We’ve talked about colour in a fair amount of detail in the past; looking at what hues look best against your skin, how you rank on the Von Luschan scale and even to work out if you have a fair or medium complexion.
Now let’s step things up a notch. Let’s start looking at how we can combine colours to create fantastic looks ‘on the fly’. In order to get ourselves looking dapper we need to take a look at the omnipresent ‘colour wheel’.
What is the colour wheel?
The colour wheel is a simple arrangement of hues and shades in a specific order around a circle. The order, arrangement and number of colours vary depending on the requirements of the wheel.
To use the wheel, select your primary colour, also known as the core colour. This is the prevailing shade you’ll be wearing, so make sure it’ll make up the body of your outfit; therefore, don’t use your core colour with socks, shoes, ties or belts.
Now, select a pattern type you want to use to create your outfit. In all our examples below, we’ll be using blue.
An analogous match is where your core colour is matched with the adjacent hues. So for blue, you’ll be using purple and aqua. Analogous looks are very common and, unsurprisingly, are the most often abused; keep intensity even and don’t introduce too many different shades.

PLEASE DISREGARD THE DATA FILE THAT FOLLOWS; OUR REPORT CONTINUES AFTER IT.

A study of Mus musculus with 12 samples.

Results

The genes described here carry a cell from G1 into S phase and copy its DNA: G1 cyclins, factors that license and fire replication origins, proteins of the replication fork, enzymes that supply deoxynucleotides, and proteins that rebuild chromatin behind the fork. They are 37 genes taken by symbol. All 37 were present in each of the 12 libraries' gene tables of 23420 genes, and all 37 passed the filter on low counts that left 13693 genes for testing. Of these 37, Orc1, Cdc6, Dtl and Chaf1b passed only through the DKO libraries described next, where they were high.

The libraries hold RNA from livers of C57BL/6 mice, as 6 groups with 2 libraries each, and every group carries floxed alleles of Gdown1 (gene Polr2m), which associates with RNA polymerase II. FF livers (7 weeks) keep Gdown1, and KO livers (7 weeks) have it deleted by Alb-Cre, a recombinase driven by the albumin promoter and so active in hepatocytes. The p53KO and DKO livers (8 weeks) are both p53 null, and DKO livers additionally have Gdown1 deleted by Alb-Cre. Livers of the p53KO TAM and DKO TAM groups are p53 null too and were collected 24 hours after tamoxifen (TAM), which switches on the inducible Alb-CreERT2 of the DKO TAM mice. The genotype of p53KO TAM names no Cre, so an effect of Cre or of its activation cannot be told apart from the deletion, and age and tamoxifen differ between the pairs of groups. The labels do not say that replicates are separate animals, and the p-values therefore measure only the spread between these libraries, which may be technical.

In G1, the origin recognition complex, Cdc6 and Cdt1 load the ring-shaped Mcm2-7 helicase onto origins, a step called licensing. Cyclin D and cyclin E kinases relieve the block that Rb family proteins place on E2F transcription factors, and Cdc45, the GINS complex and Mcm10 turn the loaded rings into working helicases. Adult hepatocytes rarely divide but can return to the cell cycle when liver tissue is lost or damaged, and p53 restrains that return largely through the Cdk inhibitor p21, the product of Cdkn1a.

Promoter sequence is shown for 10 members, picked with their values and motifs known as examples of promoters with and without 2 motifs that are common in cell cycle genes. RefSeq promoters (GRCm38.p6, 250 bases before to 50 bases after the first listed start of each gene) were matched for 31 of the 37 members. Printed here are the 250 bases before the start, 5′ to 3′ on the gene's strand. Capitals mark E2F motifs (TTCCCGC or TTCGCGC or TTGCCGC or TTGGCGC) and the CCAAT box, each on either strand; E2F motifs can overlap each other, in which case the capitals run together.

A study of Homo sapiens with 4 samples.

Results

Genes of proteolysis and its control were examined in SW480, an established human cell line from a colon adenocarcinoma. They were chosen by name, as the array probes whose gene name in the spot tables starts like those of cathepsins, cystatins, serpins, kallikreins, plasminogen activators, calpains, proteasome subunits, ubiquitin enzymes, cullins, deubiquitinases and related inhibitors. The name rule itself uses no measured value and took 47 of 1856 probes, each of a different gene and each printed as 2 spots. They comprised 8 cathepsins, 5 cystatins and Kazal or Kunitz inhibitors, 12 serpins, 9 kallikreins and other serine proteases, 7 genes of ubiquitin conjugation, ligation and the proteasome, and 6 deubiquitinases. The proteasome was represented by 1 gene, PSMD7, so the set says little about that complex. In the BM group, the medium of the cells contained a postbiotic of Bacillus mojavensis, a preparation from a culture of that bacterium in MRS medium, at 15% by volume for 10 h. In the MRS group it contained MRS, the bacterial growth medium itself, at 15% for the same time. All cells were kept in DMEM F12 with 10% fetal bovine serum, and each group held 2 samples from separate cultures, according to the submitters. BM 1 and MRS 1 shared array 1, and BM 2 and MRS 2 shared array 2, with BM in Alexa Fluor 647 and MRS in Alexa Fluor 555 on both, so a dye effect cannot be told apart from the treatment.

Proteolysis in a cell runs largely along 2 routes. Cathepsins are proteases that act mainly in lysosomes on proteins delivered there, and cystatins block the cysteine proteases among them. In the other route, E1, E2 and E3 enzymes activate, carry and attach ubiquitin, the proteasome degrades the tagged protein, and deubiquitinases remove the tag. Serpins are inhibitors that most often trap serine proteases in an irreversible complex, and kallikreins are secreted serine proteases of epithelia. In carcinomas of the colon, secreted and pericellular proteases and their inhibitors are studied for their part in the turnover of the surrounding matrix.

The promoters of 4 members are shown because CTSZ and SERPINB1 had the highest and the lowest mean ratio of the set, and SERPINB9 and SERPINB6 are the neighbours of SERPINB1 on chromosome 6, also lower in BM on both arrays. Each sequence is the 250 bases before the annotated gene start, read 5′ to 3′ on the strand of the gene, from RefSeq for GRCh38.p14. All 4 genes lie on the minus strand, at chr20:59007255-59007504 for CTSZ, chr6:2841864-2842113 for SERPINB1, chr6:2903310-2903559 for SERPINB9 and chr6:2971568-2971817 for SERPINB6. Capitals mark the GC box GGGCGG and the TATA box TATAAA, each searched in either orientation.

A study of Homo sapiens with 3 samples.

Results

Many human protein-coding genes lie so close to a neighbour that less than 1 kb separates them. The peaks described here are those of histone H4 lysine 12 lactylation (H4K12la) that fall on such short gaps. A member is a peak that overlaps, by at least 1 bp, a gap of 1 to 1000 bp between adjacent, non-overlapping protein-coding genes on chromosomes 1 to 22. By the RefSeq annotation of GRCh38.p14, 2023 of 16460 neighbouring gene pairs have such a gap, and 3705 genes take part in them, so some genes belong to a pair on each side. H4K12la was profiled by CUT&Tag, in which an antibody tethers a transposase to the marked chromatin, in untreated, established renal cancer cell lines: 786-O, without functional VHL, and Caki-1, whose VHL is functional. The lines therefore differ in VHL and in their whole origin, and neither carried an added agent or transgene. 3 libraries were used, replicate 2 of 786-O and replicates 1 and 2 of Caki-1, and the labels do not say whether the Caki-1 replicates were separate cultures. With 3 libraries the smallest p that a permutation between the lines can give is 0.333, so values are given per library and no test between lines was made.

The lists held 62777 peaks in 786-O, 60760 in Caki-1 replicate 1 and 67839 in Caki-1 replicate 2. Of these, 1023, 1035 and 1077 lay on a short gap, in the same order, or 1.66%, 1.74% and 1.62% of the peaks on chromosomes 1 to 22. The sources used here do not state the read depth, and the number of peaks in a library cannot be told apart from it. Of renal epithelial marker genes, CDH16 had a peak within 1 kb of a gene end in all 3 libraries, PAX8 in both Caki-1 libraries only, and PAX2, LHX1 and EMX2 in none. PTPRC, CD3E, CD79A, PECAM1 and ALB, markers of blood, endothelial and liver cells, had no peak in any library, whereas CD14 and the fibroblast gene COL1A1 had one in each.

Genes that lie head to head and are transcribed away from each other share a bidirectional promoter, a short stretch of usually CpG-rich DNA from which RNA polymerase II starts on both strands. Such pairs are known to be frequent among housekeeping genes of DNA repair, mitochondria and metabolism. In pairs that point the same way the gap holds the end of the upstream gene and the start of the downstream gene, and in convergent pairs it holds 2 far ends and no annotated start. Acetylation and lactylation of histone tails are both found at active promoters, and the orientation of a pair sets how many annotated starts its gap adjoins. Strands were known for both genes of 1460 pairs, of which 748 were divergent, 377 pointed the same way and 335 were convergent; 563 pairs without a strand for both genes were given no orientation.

This is where you have multiple hues of your core colour. In our example you’ll have light, medium and dark blues together. Monochromatic looks can blend beautifully, just don’t confuse a monochromatic palette with multiple shades of the same hue – it’ll look too bland!
The triad uses contrasts from three points on the wheel in the shape of an isosceles triangle. Therefore, with blue as our core colour, we’d have orange and green as our matches. The triad can look very stark, so be sure to be vigilant when combining in this style.
This includes a mix of your core colour and those which sit opposite. Again, using blue as our core, we’d be seeing shades including yellow and mustard. This tends to look pretty dramatic, so be careful to restrict your complements and only use them sparingly.